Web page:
I recently saw a video (see below video) with Tiger Woods, at the peak of his career, discussing a drill he ‘hated’ to do. There is a lot we can learn from this video, which I outline below.
That’s right, you’ve heard it a million times, and I have even wrote about it HERE (how to bridge the gap between feel and real), but this is the World’s best golfer admitting that even the top pros suffer with this.
Also, Tiger explained that this is simply a feeling for him, with his own unique blend of ‘issues’. For the average golfer to try to do this drill, it may not suit them, and could make them worse.
As good as Ben Hogan’s book is, we have to understand that he battled a hook all his life. For the average golfer who slices the ball, following the advice of Ben Hogan could potentially make matters worse.
We also have to understand that, when pro’s give us advice, they are going largely from what they feel. They may not actually be doing what they say they are doing (the brain has a funny way of tricking us). I have seen many bits of advice from pros claiming that they feel they do X, when in fact they are doing 180 degrees the opposite.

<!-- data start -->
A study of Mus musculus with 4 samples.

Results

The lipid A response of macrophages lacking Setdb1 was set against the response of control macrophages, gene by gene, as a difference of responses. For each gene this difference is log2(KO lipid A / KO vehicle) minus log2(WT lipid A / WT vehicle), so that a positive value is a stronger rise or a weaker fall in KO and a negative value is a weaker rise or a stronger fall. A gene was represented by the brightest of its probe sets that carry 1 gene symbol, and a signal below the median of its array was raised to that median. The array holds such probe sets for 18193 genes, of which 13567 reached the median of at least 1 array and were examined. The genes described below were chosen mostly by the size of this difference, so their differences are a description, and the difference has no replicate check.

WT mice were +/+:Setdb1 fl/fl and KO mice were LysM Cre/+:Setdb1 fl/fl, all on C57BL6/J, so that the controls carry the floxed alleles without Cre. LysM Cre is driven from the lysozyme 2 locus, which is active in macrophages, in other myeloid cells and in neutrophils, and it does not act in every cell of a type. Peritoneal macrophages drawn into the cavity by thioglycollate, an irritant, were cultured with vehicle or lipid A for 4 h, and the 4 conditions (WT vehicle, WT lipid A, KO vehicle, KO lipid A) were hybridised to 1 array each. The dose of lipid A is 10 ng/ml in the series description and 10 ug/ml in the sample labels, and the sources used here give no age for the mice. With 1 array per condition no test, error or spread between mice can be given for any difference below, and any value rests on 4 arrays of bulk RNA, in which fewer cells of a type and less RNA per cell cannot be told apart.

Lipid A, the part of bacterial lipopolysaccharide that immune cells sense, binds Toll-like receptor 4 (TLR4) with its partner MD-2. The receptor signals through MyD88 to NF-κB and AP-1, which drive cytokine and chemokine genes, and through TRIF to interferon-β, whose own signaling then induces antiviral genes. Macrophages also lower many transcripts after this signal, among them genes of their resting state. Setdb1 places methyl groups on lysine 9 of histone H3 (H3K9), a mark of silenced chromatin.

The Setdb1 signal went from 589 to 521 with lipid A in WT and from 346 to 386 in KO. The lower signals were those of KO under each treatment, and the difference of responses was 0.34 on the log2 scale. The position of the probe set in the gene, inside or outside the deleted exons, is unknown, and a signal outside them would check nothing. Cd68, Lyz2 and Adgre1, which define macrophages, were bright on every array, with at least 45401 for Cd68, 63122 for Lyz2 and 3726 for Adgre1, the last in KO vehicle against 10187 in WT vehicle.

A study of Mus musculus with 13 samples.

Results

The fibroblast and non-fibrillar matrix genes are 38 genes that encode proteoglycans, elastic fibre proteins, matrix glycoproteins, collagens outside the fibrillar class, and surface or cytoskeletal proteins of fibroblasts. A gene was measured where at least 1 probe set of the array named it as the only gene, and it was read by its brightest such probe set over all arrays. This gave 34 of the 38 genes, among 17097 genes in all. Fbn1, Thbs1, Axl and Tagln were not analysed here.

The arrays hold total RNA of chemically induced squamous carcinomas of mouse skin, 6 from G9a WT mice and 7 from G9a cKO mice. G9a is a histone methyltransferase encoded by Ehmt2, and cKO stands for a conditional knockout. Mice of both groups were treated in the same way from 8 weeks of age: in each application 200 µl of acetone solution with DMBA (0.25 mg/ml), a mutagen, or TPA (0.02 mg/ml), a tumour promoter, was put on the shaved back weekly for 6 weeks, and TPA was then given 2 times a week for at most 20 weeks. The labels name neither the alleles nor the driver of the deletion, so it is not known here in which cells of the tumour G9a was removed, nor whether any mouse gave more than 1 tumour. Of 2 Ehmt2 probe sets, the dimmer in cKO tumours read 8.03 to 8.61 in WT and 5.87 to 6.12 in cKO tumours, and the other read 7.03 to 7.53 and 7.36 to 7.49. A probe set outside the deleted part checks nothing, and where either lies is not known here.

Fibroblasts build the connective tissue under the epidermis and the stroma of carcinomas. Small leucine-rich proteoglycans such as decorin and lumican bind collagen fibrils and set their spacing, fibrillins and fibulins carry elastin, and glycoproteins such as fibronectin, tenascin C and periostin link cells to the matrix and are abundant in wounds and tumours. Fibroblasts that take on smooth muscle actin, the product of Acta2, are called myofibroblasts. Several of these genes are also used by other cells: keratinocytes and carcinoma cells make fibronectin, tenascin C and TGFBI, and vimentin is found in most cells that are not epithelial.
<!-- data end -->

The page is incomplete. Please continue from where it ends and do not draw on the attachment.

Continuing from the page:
Learning takes time
You are probably guilty of walking out of a golf lesson thinking “ah, that was great, I’ve got it now”. Well, as Butch says, Tiger hits millions of balls, and it has still taken him over a year to feel comfortable with this drill.
We are often seeking such instant gratification that we end up spinning our wheels year after year. I wrote about that here (https://www.adamyounggolf.com/instant-gratification-cycle/).
If you want to get really good at this game, you have to put in the time and effort to making your game better. While I like players to really enjoy their sessions, not everything you do that is good for your game will be fun. An example of that is blocked practice versus random practice. For the majority of people, blocked is more fun, but Random is much more beneficial to your learning and retention.
If you are serious about your game and you really want to improve, why not get a copy of The Practice Manual. It is the only golf book out there which discusses golf specific practice so in-depth that no stone is left unturned. To find out more about the book, click the link below.